January 6, 2017 by Canadian Underwriter
Global businesses are not confident on how to protect themselves against threats like targeted cyberattacks and distributed denial of services (DDoS) attacks, according to new research from worldwide cybersecurity company Kaspersky Lab.
Research from the Corporate IT Security Risks annual survey for 2016, conducted by Kaspersky Lab in cooperation with market research company B2B International, was released earlier this week. For the 2016 survey, Kaspersky asked more than 4,000 representatives of small- and medium-sized businesses (50 to 999 employees) to large businesses (1,000+ employees) from 25 countries on their views on IT security and real incidents they have had to deal with.
The survey found that nearly four in ten (39% of) businesses admitted that they are unclear on the most effective protection strategy to combat targeted and DDoS attacks. “A lack of knowledge and protection is putting businesses across the globe at risk of grinding to a halt,” Kaspersky warned in a press release on Wednesday.
DDoS attacks in particular can quickly incapacitate a targeted business’ workflow, bringing business-critical processes to a stop. However, the research found that nearly a fifth (16%) of businesses are not protected from DDoS attacks at all, and half (49%) rely on built-in hardware for protection. This hardware, however, is not effective against the increasing number of large-scale attacks and “smart” DDoS attacks that are hard to filter with standard methods, Kaspersky said.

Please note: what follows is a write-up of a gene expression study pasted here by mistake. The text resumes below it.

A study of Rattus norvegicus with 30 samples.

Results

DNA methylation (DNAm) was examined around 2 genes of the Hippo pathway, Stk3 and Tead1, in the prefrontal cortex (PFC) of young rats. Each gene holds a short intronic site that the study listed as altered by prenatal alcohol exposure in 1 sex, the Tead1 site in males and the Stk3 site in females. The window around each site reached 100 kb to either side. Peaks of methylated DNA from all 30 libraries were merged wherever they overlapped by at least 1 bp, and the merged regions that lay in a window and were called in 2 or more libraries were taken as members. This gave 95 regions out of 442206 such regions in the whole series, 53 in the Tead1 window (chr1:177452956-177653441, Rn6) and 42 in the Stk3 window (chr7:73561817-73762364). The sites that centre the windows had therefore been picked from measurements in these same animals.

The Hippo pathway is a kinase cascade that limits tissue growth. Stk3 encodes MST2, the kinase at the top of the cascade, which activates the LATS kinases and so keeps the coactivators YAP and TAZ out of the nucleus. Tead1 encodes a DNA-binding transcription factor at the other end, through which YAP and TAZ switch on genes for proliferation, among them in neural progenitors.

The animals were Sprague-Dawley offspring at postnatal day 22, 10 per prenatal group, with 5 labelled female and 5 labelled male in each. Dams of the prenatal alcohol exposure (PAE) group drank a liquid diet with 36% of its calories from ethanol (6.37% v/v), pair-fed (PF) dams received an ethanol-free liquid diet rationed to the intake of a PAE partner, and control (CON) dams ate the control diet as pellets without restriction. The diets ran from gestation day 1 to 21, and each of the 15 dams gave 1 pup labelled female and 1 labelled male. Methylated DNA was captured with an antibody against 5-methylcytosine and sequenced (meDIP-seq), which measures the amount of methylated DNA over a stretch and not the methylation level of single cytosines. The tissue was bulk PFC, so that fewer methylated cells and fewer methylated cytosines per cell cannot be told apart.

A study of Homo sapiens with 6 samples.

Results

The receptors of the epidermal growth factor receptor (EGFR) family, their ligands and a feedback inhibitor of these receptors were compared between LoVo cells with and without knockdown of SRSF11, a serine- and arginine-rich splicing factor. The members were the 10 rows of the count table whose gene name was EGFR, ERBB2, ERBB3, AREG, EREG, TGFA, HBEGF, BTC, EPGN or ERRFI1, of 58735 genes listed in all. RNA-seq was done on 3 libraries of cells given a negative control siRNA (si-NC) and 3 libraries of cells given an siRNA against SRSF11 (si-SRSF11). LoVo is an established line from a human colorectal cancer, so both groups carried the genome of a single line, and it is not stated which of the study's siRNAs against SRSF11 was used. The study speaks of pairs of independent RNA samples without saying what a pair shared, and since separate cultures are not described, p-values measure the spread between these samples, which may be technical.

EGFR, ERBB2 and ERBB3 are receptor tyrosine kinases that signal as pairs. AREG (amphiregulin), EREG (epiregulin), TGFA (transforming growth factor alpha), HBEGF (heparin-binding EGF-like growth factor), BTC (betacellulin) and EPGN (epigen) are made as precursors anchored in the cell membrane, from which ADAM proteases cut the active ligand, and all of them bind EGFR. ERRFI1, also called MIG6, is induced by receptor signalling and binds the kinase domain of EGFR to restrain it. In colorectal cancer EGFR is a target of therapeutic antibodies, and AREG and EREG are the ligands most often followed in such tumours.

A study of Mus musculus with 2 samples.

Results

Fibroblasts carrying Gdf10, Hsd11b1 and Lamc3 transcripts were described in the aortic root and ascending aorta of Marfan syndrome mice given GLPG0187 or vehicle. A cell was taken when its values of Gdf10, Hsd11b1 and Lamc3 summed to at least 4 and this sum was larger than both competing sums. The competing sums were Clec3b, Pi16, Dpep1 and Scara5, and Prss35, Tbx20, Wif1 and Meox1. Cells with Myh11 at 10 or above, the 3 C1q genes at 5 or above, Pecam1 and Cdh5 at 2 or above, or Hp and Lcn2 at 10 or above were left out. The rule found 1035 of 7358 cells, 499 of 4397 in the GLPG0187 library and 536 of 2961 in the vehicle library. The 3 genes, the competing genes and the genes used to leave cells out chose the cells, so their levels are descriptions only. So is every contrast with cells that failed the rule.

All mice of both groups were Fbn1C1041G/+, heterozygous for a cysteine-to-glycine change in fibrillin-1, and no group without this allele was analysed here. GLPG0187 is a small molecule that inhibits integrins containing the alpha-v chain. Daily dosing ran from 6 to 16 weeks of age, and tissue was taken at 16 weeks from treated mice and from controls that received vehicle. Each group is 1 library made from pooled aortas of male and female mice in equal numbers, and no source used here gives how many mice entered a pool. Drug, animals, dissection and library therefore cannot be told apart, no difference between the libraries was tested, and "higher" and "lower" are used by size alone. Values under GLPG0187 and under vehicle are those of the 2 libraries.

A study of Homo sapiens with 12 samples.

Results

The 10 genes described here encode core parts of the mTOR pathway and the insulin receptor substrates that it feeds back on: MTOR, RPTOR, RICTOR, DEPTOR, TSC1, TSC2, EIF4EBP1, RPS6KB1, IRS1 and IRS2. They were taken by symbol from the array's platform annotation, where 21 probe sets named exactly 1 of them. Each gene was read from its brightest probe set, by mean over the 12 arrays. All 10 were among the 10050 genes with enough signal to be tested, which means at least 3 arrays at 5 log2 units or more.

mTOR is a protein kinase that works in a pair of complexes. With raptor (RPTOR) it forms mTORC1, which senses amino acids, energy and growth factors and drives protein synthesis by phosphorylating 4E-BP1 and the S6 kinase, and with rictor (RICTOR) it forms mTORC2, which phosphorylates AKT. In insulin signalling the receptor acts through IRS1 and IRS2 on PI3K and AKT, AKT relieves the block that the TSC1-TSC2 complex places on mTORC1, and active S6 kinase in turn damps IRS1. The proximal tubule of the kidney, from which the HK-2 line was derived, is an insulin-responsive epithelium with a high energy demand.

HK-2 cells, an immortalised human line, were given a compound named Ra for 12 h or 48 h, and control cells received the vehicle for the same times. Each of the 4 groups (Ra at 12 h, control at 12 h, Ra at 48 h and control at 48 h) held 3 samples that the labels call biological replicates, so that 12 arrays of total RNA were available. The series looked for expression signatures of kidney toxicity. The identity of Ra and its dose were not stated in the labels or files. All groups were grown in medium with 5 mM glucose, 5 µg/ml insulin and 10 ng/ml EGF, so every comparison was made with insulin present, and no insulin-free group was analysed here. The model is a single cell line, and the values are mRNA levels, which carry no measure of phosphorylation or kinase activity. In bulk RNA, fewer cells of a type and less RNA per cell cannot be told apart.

In many cases, businesses assume that they’re already protected from these types of attacks, the company added. Almost half (40%) of the organizations surveyed fail to put measures in place because they think their Internet service provider will provide protection, and one in three (30%) think data centre or infrastructure partners will protect them. “The reality is that these organizations mostly protect businesses from large-scale or standard attacks, while ‘smart’ attacks, such as those using encryption or imitating user behavior, require an expert approach,” the company said.
In addition, the survey found that one-third (30%) fail to take action because they think they are unlikely to be targeted by DDoS attacks. Surprisingly, one in ten (12%) even admit to thinking that a small amount of downtime due to DDoS would not cause a major issue for the company, Kaspersky added in the release. “The reality is that any company can be targeted because such attacks are easy for cybercriminals to launch. What’s more, the potential cost of a single attack can be millions.”
“As we’ve seen with the recent attacks, DDoS is extremely disruptive, and on the rise,” said Kirill Ilganaev, head of Kaspersky DDoS protection at Kaspersky Lab. “When hackers launch a DDoS attack, the damage can be devastating for the business that’s being targeted because it disables a company’s online presence. As a result, business workflow comes to a halt, mission-critical processes cannot be completed and reputations can be ruined. Online services and IT infrastructure are just too important to leave unguarded. That’s why specialized DDoS protection solution should be considered an essential part of any effective protection strategy in business today.”